This Research Project was conducted by Clodagh Carey.
Despite the widespread use of bits, research shows how they can be a potential source of significant discomfort and pain (Clayton, 2005; McLean et al, 2005), dental damage (Cook, 2011), injury (Jahiel, 2001) and numerous behavioural difficulties (Cook et al, 2003). Cook (2008) suggests that bitted bridles may be a potential source of accidents for riders. The wearing of bitted bridles for Therapeutic Horses is commonplace. This study examined the impact of bitted vs bitless bridles on two Therapeutic Riding (TR) horses.
Each horse was videoed for 6 TR sessions (n=12) -30 minutes each session – 3 with a bit and 3 without a bit. TR sessions were conducted in the same venue with the same rider, coach, leader, side walker, TR lesson plan and schedule. As such, the only known variable was the use of the bitted or bitless bridle. Videos were analysed using Cooks Behaviour Profiling Questionnaire recording behaviours during tacking up (n=9), during TR session (n=17) and untacking (n=7).
Findings illustrate how individual horse’s behaviours escalated with a bitted bridle – most notably during the TR sessions.
Table 1 below shows the increase in biting, rubbing of face on foreleg and moving away prematurely from halt.
Whilst a lesser number of behaviours were observed during the tacking up stage, illustrated in Table 2 below, head tossing, stepping back and tail swishing was greater with bitted bridles for both horses.
Both horses were observed to have greater consistency in behavioural changes with bitted brides in bracing their backs, holding their head high, head shaking and tail swishing.
Though this study involved just two horses, the findings suggest that bitted bridles may be associated with varying levels of discomfort as reported by Clayton, 2005 and McLean et al, 2005. That there were significantly less behaviours observed in bitless bridled horses raises the question as to the necessity of bits, particularly when most TR horses are carefully matched for this type of work, are conducted in walk, with a leader and possibly a side walker. Finally, inverted horses may compromise the quality of the TR session for the rider.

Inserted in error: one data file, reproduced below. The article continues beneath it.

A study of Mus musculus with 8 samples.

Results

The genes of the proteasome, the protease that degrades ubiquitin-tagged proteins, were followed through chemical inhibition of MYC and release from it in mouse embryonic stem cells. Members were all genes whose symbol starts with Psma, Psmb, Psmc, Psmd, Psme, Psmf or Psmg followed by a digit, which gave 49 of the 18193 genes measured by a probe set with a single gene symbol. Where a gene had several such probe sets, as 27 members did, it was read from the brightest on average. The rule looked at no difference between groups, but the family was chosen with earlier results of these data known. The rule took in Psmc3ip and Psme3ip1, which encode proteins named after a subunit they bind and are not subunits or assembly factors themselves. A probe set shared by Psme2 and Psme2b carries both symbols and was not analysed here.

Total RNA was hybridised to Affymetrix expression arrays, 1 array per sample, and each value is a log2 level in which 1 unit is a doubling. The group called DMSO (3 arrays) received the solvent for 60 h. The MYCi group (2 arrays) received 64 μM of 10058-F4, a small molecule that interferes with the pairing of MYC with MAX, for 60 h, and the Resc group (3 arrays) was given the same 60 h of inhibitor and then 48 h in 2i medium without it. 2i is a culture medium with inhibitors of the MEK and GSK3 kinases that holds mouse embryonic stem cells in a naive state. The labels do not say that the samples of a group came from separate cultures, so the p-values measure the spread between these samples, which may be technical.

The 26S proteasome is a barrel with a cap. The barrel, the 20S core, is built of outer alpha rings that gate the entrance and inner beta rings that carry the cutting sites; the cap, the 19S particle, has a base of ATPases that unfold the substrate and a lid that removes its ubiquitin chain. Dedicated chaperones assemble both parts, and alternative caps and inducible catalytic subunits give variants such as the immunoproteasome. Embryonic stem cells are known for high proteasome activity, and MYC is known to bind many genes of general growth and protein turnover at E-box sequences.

About the Researcher
Clodagh Carey (BHSII) Manager – Festina Lente Riding School
Clodagh has worked with Festina Lente Riding School since 1998, which started as a Two year Pilot EU pilot project aimed at promoting employment for people with disabilities. Clodagh has a strong interest and commitment in providing quality, safe and enjoyable riding experiences to all those who ride at Festina Lente and has a particular interest in ‘centered riding’. Clodagh also coaches and assesses students of the Therapeutic Riding Coaching Course at Festina Lente which started in 2011.
With a passion for horse welfare and management, Clodagh presented her study on the impact of bitted bridles vs bitless bridles for horses involved in Therapeutic Riding at the HETI conference in Taiwan in June 2015.